Trent Psychology Ph.D. student, Colin Henning, first contributed to the psychology literature during his master’s degree. His thesis used data from a longitudinal study measuring the attention-deficit/hyperactive disorder (ADHD) symptoms of first-year Trent students. Fifteen years after their ADHD symptoms were first measured, researchers followed up and discovered that the symptoms had remained largely stable.
“We found the stability of ADHD symptoms over that 15-year period was so strong it's actually very similar to a trait, which I argue makes the case for looking at ADHD and conceptualizing it as a trait,” said Henning. “Not just something you have or don't have, that you are diagnosed with or not diagnosed with, but something that lays along a dimension from low to high. Then we can think in terms of severity—the question being how extensive those symptoms are and whether that impairs your functioning.” Henning points out the presence of an impairment to someone’s functioning is where ADHD would be viewed as a disability.
In the eight different databases often used for psychological research, Henning couldn't find a single study that looked at the stability of symptoms of ADHD over adulthood. It was an exciting discovery and has inspired him to fill in other demographic gaps in psychology research during his Ph.D.
Exploring emotional intelligence and its impact on wellbeing
Now in his first year as a member of the first cohort of Trent’s Psychology Ph.D. program, he is looking to measure the importance of emotional intelligence (EI) on relationships in older adults.
“Much of the research on emotional intelligence has been focused on people between the ages of 18 to 25—adults easily accessible to university researchers—but only a handful of studies look at emotional intelligence in older adults. Middle aged and older adults have very different life stressors, very different challenges than people earlier in adulthood. So we want to look at whether or not emotional intelligence predicts relationship satisfaction—whether or not EI is important—for older adults,” Henning explained.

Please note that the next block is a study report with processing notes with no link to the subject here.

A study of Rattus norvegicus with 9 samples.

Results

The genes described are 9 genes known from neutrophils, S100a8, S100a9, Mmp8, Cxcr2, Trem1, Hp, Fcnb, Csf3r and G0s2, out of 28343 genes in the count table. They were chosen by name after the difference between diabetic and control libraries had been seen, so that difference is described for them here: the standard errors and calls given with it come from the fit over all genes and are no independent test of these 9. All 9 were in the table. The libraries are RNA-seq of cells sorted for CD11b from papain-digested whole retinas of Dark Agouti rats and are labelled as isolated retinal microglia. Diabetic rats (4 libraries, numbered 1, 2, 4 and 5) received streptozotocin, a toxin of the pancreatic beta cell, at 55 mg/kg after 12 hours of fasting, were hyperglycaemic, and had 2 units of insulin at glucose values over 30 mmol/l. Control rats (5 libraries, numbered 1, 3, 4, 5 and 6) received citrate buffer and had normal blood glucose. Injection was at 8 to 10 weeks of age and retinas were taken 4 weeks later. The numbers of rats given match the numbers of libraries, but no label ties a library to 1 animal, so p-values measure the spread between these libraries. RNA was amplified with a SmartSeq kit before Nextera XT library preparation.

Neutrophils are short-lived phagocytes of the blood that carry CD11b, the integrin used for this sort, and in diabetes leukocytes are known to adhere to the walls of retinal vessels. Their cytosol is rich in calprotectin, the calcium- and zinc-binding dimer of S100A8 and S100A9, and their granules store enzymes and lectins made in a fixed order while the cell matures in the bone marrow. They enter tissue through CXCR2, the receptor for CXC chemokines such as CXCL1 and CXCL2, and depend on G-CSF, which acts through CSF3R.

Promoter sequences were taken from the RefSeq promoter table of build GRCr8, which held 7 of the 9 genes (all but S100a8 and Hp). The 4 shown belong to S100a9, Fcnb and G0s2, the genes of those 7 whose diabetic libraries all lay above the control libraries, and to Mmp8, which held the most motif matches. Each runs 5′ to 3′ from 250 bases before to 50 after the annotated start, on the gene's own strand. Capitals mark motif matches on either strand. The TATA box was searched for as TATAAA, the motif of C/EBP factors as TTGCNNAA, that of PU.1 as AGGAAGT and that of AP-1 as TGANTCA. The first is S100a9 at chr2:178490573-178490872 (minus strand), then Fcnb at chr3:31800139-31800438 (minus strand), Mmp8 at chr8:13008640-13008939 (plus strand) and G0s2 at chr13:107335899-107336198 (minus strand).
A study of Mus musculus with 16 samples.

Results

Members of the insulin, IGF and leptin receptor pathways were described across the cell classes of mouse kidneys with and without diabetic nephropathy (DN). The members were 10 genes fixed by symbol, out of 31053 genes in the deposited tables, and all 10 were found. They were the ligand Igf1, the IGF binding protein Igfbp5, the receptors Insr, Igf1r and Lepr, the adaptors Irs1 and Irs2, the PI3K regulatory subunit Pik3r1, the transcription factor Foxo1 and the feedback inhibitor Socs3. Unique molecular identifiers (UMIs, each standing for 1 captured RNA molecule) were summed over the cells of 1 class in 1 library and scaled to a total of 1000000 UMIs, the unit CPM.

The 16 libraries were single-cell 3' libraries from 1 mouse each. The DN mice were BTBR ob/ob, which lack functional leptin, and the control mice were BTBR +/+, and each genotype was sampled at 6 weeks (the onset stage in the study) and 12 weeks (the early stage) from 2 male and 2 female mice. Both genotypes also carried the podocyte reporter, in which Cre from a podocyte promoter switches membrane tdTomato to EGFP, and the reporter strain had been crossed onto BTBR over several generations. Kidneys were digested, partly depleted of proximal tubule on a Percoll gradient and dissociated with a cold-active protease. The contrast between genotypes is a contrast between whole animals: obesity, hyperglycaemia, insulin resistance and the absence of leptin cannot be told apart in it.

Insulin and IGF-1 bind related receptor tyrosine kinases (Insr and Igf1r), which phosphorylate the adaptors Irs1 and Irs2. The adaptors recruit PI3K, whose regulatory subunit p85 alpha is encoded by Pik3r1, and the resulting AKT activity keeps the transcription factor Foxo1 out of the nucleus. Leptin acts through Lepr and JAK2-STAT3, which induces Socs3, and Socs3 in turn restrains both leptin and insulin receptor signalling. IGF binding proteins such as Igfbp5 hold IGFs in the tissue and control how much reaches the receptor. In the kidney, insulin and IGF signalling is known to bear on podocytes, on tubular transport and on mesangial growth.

Theory on emotional intelligence expects that it should improve as a person gains life experience, becomes more in tune with themselves, and gains more understanding about their own emotions. The nature of relationships are also quite different for older adults so this combination of potential variables makes investigating EI in older adults particularly interesting for Henning.
“Colin is very much at home in the Emotion and Health Research Laboratory (EHRL) here at the university, leveraging both its physical and personnel resources” said Dr. James D. A. Parker, Henning’s Ph.D. supervisor and director of the EHRL. “The EHRL was created and funded by the Canada Foundation for Innovation (CFI) in 2001 with a mandate to extend current knowledge about emotion and health, particularly with respect to diverse populations and age-groups. Following in the footsteps of several dozen graduate students, Colin is having a great deal of success formulating research projects that will have an impact—in this case on how adults are supported in how they develop healthy relationships.”
Small Ph.D. program offers intimacy and flexibility hard to find elsewhere
Henning credits the small size of the Psychology Ph.D. program at Trent to his being able to continue studying both ADHD and EI. In larger programs, such flexibility is less common. A smaller class size also means closer relationships with faculty.
“One reason to come to Trent is because we have amazing supervisors,” Henning said. “I love being able to just chat with the faculty. I've heard students at other universities, the departments are so large, and the faculty are so intimidating that you can't just strike up a conversation with a faculty member or talk to people in the hallways. But at Trent I can just walk down the hallway, run into a professor in the psych department, and start up a conversation with them, which has been a great resource for me.”
Henning is also able to get more breadth of teaching experience at Trent as a workshop leader for a master’s level course in Applied Modelling and Quantitative Methods, choosing the topic of the workshops and designing the accompanying assignments. This kind of experience is vital for his future, as he intends to pursue a career in academia, but the program is flexible for people with different career priorities. Henning mentioned a colleague in the program plans to work doing research for a private organization or for government.
“For me, academia is definitely what I want to do.”